INSTRUCTION: answer one question only from each section

After the mysterious death of her elder sister, Baby T, Fofo demands for justice from the government. Through stings of events, she lcomes across Kabria, a mother of three and a member of MUTE that was portrayed to poison in the mute company MUTE is a non governmental. Organisation primarily invested in portion and information building. Kabria with the rest of the members of MUTE and the presenter of Harvest FM; Slyo Po embarks on investigative journalism and research work to unveil the causes of street life for children and more importantly, to unravel the mystery surrounding the death of Baby T, a street child.

4) Victimisation and oppression of women: In many African societies, men see themselves as superior beings who should be held in high esteem by their inferior beings―women. A man cannot die a natural death; a woman must be the cause of his death through her sins. Therefore, the woman must be made to suffer humiliation, insult and assault.
Men beat women at the slightest provocation and one cannot help but wonder who gave them the right. A woman must carry out her tasks dutifully ranging from working on the farm, taking care of the children, cooking for the family and showering love and affection on her husband, failure in any of these leading to serious argument and beating.
As if women have not had enough, men arrogate to themselves the right to marry as many wives as they want. They change their older wives as they change their dirty linens. As a result, the women see themselves fighting and competing for the love and affection of one man―their husband.

5) Mary’s ignorance of her privilege and the fear it causes Bigger form the backdrop of the series of events that unfortunately spell her end.
Let’s take a look at her final moments alive.
Mary and Jan take Bigger out for food. As they drive through the night, the two white folks hand a bottle of rum back and forth. Then they give Bigger a few swigs. Mary gets out of the car, clearly drunk, and asks Bigger to help her to her room. She passes out in Bigger’s arms while his fear grows as he tries to find her room. Mary keeps falling against Bigger, brushing various parts of her body against him. He notices these glancing brushes and eventually leans into a kiss, knowing it is wrong. His hands slide along her body and her breasts fall into them. Mary sleeps all through his groping.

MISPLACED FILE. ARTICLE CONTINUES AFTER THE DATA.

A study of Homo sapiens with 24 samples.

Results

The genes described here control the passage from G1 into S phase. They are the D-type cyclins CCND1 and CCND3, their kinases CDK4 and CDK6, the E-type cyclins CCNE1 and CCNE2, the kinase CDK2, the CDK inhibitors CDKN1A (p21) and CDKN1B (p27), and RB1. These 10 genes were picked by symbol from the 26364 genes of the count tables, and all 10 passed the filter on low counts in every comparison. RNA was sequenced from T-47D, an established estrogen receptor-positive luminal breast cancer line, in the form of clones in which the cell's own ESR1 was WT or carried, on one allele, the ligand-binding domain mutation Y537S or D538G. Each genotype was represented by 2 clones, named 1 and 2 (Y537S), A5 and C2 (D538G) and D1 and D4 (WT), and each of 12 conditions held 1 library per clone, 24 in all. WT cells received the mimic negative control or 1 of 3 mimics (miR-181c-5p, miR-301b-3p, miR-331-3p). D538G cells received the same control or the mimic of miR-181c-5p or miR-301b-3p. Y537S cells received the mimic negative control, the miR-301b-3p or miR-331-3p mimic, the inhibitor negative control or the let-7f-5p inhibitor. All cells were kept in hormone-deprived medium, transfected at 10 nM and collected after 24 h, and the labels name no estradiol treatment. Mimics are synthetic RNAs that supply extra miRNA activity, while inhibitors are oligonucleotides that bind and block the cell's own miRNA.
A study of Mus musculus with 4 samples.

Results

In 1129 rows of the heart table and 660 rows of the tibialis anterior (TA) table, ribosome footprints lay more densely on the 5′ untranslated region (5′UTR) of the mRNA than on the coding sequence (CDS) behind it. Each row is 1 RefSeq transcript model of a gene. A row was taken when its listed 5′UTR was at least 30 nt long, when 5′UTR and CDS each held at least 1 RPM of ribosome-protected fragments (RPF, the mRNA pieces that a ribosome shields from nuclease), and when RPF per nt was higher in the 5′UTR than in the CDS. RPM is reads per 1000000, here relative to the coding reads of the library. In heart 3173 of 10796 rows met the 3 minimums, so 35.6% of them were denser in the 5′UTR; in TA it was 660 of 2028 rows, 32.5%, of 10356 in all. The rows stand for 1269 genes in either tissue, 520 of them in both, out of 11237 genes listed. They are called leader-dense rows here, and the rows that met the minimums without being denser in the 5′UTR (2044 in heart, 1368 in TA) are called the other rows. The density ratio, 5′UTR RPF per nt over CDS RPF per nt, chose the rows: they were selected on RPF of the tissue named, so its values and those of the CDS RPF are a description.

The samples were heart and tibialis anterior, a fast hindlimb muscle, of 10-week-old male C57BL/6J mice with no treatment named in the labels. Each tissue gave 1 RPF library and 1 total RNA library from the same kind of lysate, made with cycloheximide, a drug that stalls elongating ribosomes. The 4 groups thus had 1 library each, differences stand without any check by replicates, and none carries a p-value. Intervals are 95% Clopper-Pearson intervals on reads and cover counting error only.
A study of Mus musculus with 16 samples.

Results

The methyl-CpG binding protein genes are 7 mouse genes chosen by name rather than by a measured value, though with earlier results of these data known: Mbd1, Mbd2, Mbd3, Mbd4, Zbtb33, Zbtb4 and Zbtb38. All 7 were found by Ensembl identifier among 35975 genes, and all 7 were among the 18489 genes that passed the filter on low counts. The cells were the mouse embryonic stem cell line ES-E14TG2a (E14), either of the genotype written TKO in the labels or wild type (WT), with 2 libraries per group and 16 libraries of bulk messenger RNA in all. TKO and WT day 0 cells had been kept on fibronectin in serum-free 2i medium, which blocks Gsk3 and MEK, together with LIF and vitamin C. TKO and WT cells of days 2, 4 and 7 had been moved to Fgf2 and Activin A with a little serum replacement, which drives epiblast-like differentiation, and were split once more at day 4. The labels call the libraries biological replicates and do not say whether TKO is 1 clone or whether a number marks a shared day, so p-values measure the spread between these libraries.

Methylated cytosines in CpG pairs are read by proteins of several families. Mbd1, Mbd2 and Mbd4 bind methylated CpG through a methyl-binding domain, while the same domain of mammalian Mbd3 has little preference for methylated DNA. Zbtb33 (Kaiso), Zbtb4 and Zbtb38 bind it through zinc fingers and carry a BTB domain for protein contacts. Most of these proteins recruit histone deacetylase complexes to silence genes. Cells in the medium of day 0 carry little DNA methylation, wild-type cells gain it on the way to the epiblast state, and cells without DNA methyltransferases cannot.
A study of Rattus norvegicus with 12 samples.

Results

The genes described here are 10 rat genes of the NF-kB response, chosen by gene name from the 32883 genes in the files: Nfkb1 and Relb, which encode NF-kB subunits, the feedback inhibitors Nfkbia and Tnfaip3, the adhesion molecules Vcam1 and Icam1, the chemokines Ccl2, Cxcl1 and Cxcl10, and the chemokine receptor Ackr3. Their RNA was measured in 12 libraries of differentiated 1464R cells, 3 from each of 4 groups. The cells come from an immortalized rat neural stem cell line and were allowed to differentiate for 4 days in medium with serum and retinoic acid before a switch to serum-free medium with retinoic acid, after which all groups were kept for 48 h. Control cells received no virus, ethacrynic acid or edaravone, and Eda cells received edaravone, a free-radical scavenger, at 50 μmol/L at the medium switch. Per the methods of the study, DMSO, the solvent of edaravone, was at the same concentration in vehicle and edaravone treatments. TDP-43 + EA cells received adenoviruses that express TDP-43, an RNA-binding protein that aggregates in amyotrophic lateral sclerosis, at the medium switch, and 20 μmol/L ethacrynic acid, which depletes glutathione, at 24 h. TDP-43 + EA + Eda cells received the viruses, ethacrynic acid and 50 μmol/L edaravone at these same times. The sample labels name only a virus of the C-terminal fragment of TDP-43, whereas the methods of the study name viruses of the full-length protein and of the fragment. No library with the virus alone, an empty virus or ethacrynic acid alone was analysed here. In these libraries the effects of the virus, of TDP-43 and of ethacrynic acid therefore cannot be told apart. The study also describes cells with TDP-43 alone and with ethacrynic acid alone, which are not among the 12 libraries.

Suddenly, Mary’s blind mother walks into the room. Bigger holds first his hand and then a pillow in front of Mary’s mouth to try and keep her from making a noise to reveal him. He ends up pushing too hard and Mary dies while her mother is in the room. Mrs. Dalton only believes Mary to be ”dead drunk” and eventually leaves.

6) It was seen as significance to many characters in the novel because it provides vivid evidence to the court house to prove his criminal tendencies, making it easier to convict him for the murder of mary Dalton

Bessie’s murder is no more planned than Mary’s was again, Bigger murders simply because he can see no other choice available to him. In Bessie’s case, Bigger is on the run from the police, and Bessie has become a nuisance. As he waits with her in an abandoned building, he considers his options: If he leaves her behind, she’ll almost certainly tell the truth when she is found and questioned. On the other hand, he cannot take her with him, because she’s highly emotional and will slow him down. Faced with these two choices, Bigger chooses a tragic third option: he first rapes Bessie, and then kills her and throws her body down a shaft.

Discussion of Bessie’s Murder at Bigger’s Trial
Although Bessie’s murder is far more violent than Mary’s, Bigger is never tried for it. In fact, Bessie’s murder is only used as evidence in Bigger’s trial for murdering Mary. Max, Bigger’s lawyer, notes this at the trial.